OK, by now you know the story. Gov. Phi; Murphy had to pander to black voters by protesting in two Black Lives Matter protests. Then, he was called out publicly by both constituents and other politicians, since other people protesting the state lockdown, were given summonses for violating Murphy's COVID-19 executive orders restricting gatherings.

So there was only one way out of this little problem. Make protesting okay for everyone and hope that no one notices that you did it retroactively just to try to save face ... not to mention your gubernatorial behind.

But now, what to do about all those pesky court orders and summonses that other people got? Well here is the solution to that little oopsie. Today, the attorney general released the very important and official-sounding mea culpa: “Guidance on Municipal Court Prosecutions of COVID-19 Related Offenses.”

The “proclamation” very poignantly begins, “While the vast majority of New Jersey residents followed the Governor’s Executive Orders and helped us to slow the spread of COVID-19 and save lives, and continue to do so, some did not.”

(Yeah, like the governor, when he was crammed in shoulder to shoulder with the only protesters who had 100% immunity at that point). In the interest of not boring any of you to tears, I’ll try to explain the rest of the “guidelines.”

The very convoluted message just basically gives judges and prosecutors huge latitude in punishing people who broke COVID-19 guidelines to protest. This is, of course, a backpedal to justify what the governor did. Whereas before, those who protested at the State House because their livelihoods were being threatened were treated like common criminals, now,  Grewal, no doubt at the behest of the governor, wants prosecutors to be more lenient. He wants them to “understand that (this new set of guidelines) provides a significant number of options for the exercise of prosecutorial discretion in individual cases to achieve the interests of justice.”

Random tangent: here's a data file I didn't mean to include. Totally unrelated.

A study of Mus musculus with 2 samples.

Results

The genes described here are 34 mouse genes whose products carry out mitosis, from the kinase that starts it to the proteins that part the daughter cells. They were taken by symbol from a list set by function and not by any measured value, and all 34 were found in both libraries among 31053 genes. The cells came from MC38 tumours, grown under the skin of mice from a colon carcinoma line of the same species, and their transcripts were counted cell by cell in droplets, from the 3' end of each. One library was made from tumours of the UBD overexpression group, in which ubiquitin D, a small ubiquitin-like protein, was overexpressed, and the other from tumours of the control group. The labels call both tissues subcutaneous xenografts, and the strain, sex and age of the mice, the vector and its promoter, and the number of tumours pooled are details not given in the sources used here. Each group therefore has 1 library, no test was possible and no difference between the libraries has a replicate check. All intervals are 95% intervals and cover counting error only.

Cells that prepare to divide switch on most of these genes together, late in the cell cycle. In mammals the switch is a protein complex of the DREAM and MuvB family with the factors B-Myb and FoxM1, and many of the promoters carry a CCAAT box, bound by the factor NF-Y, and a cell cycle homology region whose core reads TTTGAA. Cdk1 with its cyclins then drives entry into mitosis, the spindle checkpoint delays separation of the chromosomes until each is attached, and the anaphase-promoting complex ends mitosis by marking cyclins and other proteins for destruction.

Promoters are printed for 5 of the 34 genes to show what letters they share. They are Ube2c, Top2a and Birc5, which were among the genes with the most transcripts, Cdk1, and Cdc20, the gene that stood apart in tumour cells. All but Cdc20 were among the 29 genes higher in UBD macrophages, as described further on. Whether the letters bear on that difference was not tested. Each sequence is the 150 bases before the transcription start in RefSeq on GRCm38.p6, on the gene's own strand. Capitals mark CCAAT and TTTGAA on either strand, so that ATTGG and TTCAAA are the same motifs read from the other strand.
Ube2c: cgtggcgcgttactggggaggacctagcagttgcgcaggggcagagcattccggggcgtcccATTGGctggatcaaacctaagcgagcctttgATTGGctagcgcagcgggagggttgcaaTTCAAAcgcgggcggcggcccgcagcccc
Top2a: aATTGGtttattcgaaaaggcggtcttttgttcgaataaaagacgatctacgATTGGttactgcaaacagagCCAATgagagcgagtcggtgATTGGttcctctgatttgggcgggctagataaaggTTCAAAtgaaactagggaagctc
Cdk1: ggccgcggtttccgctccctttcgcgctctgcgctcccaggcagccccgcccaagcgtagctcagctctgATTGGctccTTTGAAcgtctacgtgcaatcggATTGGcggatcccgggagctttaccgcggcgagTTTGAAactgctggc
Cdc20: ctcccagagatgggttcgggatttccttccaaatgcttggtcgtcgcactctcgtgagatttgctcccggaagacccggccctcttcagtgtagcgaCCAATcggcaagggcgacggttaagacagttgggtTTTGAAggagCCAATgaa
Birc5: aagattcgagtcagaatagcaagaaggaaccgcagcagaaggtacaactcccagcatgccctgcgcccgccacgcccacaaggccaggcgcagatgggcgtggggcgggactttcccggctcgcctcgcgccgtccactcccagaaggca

AKA, a quick CYA. (cover your arse) for Protester Murphy.

In these guidelines, he also wants those in charge to chill out on people who received worship citations. This is obviously because when the governor got caught with his pants down at the protest many, many people had already been in big trouble for holding religious services outdoors.

I suppose for many New Jerseyans this will be enough to quiet any criticism of the governor. But to me, making something legal after the fact doesn’t erase the fact that you broke the rules the day before.

The post above reflects the thoughts and observations of New Jersey 101.5 talk show host Judi Franco. Any opinions expressed are Judi's own.